Having a strong core is so, so important to keep your body healthy. A strong core helps you hold your body in the correct position as you’re sitting, walking, or doing other activities, helping you reduce your injury risk. (Runners, your core really does a lot to help you run with proper form.) And, having a weak core can be a contributing factor to lower back problems, bad posture, and other problems (source). Because a strong core is so important, I put together a quick Yoga Core Workout to help you build core strength.
This is an intermediate-sequence, but if you’re more of a beginner, you can still follow the video. Just do what you can and understand that you may not be able to do all of the poses without modifying. In fact, no matter what stage you’re in, do what you can. Sometimes your body is more tired than other days. Don’t be afraid to take a break if that’s what your body is telling you it needs. Come to Child’s Pose for a few breaths, then start back in with the sequence.
Speaking of modifications, here are a few modifications that you can do as you’re building up your core strength.
First, for any planks, you can always come down on your knees. Work to keep your spine in the same position, keeping your core pulled in. That helps to keep your pelvis in the correct position. When you allow your pelvis to tilt anteriorly (producing what one of my yoga teachers lovingly called the “duck butt”), it puts a lot of pressure on your low back. Many people have hips that naturally sit this way, thanks to tight hip flexors. So, protect your lower back and come down to your knees if you can’t hold a safe position in a full plank.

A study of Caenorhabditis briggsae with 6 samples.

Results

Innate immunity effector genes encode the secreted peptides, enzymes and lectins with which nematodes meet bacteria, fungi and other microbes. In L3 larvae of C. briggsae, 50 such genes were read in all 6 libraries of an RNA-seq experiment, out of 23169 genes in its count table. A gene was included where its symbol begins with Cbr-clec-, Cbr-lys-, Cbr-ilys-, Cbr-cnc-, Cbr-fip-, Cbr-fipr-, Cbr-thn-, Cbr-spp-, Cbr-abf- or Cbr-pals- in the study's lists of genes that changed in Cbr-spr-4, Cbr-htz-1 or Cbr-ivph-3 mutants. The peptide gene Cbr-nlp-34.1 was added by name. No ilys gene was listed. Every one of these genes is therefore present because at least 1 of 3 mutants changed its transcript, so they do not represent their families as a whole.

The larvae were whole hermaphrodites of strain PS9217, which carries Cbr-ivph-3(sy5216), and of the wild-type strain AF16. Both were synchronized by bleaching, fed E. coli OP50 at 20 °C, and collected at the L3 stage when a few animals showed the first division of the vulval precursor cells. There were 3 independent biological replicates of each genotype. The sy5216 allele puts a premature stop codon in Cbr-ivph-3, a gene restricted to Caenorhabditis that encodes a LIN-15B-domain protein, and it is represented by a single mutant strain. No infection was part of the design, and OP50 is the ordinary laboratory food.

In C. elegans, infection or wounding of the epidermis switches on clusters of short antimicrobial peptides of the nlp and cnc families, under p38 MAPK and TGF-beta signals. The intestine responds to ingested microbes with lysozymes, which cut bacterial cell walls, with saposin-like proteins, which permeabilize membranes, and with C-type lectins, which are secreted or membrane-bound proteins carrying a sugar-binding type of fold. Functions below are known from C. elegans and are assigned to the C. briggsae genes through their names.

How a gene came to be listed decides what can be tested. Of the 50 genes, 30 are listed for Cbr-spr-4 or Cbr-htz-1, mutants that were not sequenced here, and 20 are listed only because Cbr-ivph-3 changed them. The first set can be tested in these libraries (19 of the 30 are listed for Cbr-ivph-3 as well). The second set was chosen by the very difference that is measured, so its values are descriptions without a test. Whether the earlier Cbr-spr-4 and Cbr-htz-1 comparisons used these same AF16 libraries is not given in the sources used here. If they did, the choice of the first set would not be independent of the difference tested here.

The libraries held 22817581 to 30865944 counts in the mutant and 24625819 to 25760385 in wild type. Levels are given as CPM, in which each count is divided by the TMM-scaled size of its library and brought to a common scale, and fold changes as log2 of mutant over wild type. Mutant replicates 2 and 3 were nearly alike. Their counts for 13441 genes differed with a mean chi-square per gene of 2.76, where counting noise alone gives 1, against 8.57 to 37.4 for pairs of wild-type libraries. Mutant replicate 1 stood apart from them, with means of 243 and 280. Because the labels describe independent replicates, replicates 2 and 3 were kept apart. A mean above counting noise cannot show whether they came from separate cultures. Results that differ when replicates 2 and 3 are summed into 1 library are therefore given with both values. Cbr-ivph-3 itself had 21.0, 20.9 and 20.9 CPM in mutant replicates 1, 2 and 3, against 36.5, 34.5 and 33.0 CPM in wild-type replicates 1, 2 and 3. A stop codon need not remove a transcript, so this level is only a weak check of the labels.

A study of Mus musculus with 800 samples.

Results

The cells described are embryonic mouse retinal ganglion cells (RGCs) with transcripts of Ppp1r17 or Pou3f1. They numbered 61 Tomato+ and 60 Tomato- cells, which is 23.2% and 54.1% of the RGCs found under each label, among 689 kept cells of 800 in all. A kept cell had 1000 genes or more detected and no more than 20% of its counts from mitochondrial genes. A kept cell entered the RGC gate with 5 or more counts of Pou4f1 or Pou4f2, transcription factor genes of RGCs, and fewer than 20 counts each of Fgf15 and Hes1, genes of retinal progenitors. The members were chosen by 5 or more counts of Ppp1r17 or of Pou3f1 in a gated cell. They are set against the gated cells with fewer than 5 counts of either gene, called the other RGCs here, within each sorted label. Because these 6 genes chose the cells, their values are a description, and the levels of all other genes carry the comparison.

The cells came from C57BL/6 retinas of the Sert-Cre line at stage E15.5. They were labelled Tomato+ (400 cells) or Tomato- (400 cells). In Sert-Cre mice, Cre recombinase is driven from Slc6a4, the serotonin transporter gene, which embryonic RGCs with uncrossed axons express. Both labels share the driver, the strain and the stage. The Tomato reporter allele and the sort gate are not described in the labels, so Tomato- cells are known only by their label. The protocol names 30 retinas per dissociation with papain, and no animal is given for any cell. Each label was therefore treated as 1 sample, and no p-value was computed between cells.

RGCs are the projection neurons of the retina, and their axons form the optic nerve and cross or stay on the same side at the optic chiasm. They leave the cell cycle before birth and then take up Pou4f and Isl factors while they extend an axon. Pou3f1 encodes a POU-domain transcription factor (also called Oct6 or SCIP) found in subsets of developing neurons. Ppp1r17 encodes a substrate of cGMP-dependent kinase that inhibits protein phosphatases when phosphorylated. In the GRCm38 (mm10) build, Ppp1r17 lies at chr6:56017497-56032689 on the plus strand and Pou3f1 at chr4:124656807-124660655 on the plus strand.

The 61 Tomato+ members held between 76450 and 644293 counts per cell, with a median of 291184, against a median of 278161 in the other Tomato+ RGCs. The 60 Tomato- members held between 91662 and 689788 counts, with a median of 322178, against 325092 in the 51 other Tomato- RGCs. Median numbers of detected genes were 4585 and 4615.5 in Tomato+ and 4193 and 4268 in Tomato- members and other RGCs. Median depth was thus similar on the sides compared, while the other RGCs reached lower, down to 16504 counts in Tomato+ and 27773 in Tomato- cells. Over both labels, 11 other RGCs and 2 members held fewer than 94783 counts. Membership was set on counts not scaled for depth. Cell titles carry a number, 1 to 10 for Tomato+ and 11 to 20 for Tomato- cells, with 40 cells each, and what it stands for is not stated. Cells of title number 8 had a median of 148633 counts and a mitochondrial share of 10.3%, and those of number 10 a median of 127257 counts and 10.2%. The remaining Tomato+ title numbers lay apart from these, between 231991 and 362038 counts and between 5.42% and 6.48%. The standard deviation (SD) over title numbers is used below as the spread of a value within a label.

For side plank, simply bring your bottom knee down to the mat. Focus on lifting your hips high to engage your obliques (the muscles on the sides of your core). When you focus on engaging the correct muscles, you can still get a great core workout even when you keep your knee on the ground.
You can also come down to your forearms in planks if you have a bad wrist. (You’ll see me take this modification in the video due to an injury to my right wrist.) In a simple plank, you can always come down to forearm plank. Coming down to your forearm is also a good option in side plank, especially because in side plank you’re putting a lot of weight on your one wrist.
When it comes to boat pose, you can always keep your toes on the ground. Focus on engaging your core, especially your low core. Pull your abs below your navel closer to your spine.
Protect and honor your body by taking any modifications it needs!
Yoga Core Workout Video
Ready to dive in and get your stronger core? Here’s the video with my Yoga Core Workout Sequence. Make sure that you get alerted whenever I post a new FREE yoga video! Click here to follow my YouTube channel.